Why Pope Francis says fake news is a 'sin'
In an interview published Wednesday, Pope Francis takes on fake news, calling the spread of disinformation or 'communicating ugly things' a sin and referring to it as the biggest damage media can do.
Spreading fake news is the greatest damage that media can do – and to engage in disinformation, instead of education, is a sin, Pope Francis said in an interview published on Wednesday.
"The communications media have a very great responsibility. Nowadays they have in their hands the possibility and the capacity to form opinion: they can form a good or a bad opinion," the pope said in an interview with Belgian Catholic weekly, Tertio. He later added, "Disinformation is probably the greatest damage that the media can do, as opinion is guided in one direction, neglecting the other part of the truth."
In what some observers say is one of the most blunt attacks he has directed toward the media, the pope’s comments draw attention to the proliferation of fake news that has contributed to political strife, polarized American voters, and, in once case, prompted a man to fire a gun in a Washington, D.C, pizzeria. It’s not the first time the pope has taken on the media, a platform that he has cautioned is capable of causing great harm if misused.
In stark language, pope warned that media have an obligation to resist the temptation to be "always wanting to communicate scandal, to communicate ugly things, even though they may be true."
The pope clarified that he didn’t just mean news organizations – this includes those who publish or republish harmful stories through social media. Slander, he notes, has become a damaging common feature in communications. Giving half-truths are also harmful, because the reader or listener will be unable to "make a serious judgement."
"And the communications media have their temptations. They can be tempted by calumny, and therefore used to slander, to sully people, especially in the world of politics," he said, attacking those who use media to slander political rivals. "They can be used as means of defamation.... There is no right to this. This is a sin and it is harmful."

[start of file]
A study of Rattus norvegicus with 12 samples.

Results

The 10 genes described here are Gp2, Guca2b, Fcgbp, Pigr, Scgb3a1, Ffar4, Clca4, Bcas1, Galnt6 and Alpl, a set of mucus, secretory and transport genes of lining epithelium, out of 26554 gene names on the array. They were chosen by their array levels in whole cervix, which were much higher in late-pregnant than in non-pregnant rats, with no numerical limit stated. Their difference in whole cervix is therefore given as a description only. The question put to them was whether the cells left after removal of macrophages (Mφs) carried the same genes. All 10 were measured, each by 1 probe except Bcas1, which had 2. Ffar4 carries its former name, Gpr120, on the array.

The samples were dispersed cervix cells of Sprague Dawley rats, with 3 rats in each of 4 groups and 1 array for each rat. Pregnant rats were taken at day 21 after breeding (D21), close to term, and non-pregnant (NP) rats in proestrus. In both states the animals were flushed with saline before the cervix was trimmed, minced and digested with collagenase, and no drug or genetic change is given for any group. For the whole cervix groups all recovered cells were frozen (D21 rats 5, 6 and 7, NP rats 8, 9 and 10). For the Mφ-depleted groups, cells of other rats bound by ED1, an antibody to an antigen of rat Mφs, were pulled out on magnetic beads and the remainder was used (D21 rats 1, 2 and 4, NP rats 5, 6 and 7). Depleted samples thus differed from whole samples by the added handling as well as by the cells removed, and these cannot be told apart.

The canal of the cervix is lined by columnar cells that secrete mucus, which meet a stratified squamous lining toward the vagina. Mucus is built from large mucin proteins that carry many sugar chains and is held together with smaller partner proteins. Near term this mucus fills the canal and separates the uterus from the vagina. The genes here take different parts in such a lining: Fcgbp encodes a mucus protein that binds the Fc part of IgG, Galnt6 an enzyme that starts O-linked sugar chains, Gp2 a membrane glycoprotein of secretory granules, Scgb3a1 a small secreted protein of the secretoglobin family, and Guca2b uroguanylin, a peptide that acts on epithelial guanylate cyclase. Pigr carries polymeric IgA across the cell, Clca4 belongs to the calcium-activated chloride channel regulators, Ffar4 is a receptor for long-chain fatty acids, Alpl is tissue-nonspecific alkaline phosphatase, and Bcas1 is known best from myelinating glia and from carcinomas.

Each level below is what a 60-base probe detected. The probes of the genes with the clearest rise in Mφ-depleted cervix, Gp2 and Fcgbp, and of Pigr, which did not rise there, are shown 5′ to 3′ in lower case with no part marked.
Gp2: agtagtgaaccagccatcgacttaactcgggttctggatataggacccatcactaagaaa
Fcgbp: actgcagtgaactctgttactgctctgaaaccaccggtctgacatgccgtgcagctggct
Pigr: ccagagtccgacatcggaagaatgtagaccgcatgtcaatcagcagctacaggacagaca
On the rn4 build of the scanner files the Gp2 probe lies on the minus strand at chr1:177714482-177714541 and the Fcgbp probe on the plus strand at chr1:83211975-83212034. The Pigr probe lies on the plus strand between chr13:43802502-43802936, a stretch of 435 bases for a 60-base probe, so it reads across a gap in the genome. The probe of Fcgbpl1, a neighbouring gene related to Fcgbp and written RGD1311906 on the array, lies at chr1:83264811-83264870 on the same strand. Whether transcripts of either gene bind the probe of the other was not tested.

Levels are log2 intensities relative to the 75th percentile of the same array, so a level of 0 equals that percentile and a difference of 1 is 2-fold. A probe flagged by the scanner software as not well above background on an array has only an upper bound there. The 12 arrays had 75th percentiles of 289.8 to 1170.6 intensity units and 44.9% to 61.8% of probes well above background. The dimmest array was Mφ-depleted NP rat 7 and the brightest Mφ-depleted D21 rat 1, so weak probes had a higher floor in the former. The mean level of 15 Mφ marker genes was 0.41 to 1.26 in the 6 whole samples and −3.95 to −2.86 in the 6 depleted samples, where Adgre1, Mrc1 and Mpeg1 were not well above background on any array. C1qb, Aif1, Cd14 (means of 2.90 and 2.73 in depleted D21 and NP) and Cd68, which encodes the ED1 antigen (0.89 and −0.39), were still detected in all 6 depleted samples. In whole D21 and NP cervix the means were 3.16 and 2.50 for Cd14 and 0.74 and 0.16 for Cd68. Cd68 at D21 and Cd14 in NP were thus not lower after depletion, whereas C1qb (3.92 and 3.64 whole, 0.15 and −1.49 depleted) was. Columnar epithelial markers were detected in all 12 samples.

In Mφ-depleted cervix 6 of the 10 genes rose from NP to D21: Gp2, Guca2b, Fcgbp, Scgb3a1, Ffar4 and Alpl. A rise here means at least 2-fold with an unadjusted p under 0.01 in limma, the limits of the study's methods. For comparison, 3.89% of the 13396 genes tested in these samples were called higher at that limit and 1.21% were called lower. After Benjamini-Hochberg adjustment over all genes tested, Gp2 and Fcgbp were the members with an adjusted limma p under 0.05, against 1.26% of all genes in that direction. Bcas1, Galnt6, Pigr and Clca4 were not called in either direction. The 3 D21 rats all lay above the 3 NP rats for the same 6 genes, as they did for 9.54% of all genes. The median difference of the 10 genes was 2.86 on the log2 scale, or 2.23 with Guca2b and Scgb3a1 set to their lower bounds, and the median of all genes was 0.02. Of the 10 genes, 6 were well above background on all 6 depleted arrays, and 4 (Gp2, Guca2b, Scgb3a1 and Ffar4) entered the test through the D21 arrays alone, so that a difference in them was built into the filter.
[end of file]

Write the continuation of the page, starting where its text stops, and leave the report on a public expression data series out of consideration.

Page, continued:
During the 2016 US election, the pope was himself reported falsely to have endorsed President-elect Donald Trump for president, and which he later explained that popes do not endorse political candidates.
Last month, President Obama described the proliferation of fake news as a threat to democratic freedoms, calling it a problem if "we can’t discriminate between serious arguments and propaganda," as reported by Time.
For Pope Francis, however, his warnings about the potential for media to spread disinformation predate recent events. In August, he spoke to Italy’s national journalism guild about how the press has the power to act like "terrorists," particularly when covering humanitarian crises, if it relies on gossip and rumors.
In 2012, a year before assuming his papal position, he strongly rebuked journalists who have a "tendency to focus on the negative rather than the positive aspects," he said then in an interview with Italian newspaper La Stampa, according to the Guardian.
Through encyclicals, speeches, and even a meeting with Facebook chief executive officer Mark Zuckerberg, the pope has talked of the power the internet and social media can have in not only serving as a powerful tool of communication, but also as a source of "mental pollution," a tool that can unite as easily and it divides and isolates.
During Wednesday's interview, the pope utilized another medical term to describe current times.
"Today there is a need for a revolution of tenderness in this world that suffers from 'cardiosclerosis,' " he said at the end of the Tertio interview, meaning a hardening of the heart.